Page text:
Gold is one of the most revered metals in the Indian culture. From festivals, to weddings to birthdays, no auspicious occasion goes by without making use of this metal.

Can the global inflation impact gold run out?

The unstoppable rise in global inflation, ongoing uncertainty in the financial markets and tensions across the world have caused a massive spike in demand for gold globally, the World Gold Council (WGC) has said in its latest report.

According to figures published by the council, demand for gold had increased by 10 percent in 2021. The demand for gold reached 1,147 tonnes in the last quarter of 2021 which is the highest level since the second quarter of 2019 and a near 50 percent year-on-year increase.

Calling 2021 “a good year for gold”, the WGC analyst, Louise Street, said it is a fact although the price of gold actually declined slightly in dollar terms from January through December.

The report states that the total demand for gold increased from 3658 to 4021 tons and that more was used in jewelry production where demand rose by 67 percent compared to 2020.

On the other hand, the use of gold in industries like laptop and smartphone manufacturing rose by 9 percent to 330 tons.

Throughout history, a total of 201,296 tons of gold have been mined and the most recent estimates claim that 53,000 tons of gold remain in underground reserves according to 2020 numbers – while some sources claim that number to be around 63,000 tons.

At the end of 2020, it was also revealed that it would take 18 years to deplete underground reserves unless new discoveries are made – it is worth noting that the amount of known reserves may increase with new investments and discoveries.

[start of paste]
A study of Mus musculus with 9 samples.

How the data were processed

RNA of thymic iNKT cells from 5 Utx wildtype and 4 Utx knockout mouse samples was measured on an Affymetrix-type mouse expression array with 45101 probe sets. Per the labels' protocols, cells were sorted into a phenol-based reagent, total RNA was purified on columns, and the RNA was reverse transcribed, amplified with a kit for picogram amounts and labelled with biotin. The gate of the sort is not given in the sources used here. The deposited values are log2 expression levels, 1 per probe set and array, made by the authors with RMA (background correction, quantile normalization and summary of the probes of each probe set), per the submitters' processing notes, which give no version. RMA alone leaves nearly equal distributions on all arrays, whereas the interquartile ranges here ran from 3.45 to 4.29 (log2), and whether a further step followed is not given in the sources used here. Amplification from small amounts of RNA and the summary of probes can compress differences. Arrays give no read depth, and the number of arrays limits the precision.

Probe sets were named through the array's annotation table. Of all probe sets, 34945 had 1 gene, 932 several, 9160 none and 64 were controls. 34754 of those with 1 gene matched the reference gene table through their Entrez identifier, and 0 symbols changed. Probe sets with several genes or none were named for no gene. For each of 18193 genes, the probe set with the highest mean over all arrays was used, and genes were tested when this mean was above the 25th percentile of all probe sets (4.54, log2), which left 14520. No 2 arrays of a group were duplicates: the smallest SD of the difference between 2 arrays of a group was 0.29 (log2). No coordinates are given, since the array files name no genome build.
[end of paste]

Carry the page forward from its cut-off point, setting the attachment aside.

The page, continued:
In light of this reality, the same report by WGC stressed the demand of central banks as they remained net purchasers of gold for the twelfth consecutive year. Central banks of both developed and emerging countries added 463 tonnes to their holdings – 82 percent more than in 2020 while lifting the global total to a near 30-year high.

Louise Street said; “Gold’s performance this year truly underscored the value of its unique dual nature and the diverse demand drivers. On the investment side, the tug of war between persistent inflation and rising rates created a mixed picture for demand.”

“Increasing rates fuelled a risk-on appetite among some investors, reflected in ETF outflows. On the other hand, a search for safe haven assets led to a rise in gold bar and coin purchases, buoyed by central bank buying,” she added.

Street also stated that she expects “similar dynamics to influence gold’s performance” in 2022 with “demand drivers fluctuating according to the relative dominance of key economic variables.”

Likewise, the jewelry market’s strength could be hampered if new Covid-19 variants once again restrict consumer access.

India and China create the greatest demand for gold jewelry consumption, accounting for more than 50 percent of global demand in 2020.

Who owns and produces most?

China, Australia, Russia, the US and Peru, are leaders in reserves and among the largest gold producers in the world.

Beijing was the top producing nation, accounting for 11 percent of the global mine production, or 380 tonnes. Russia followed with its production of 329.5 tonnes, while Australia is ranked third with 325.1 tonnes.

After the US, rounding up the top ten producers are Canada, Peru, Ghana, South Africa, Mexico and Brazil.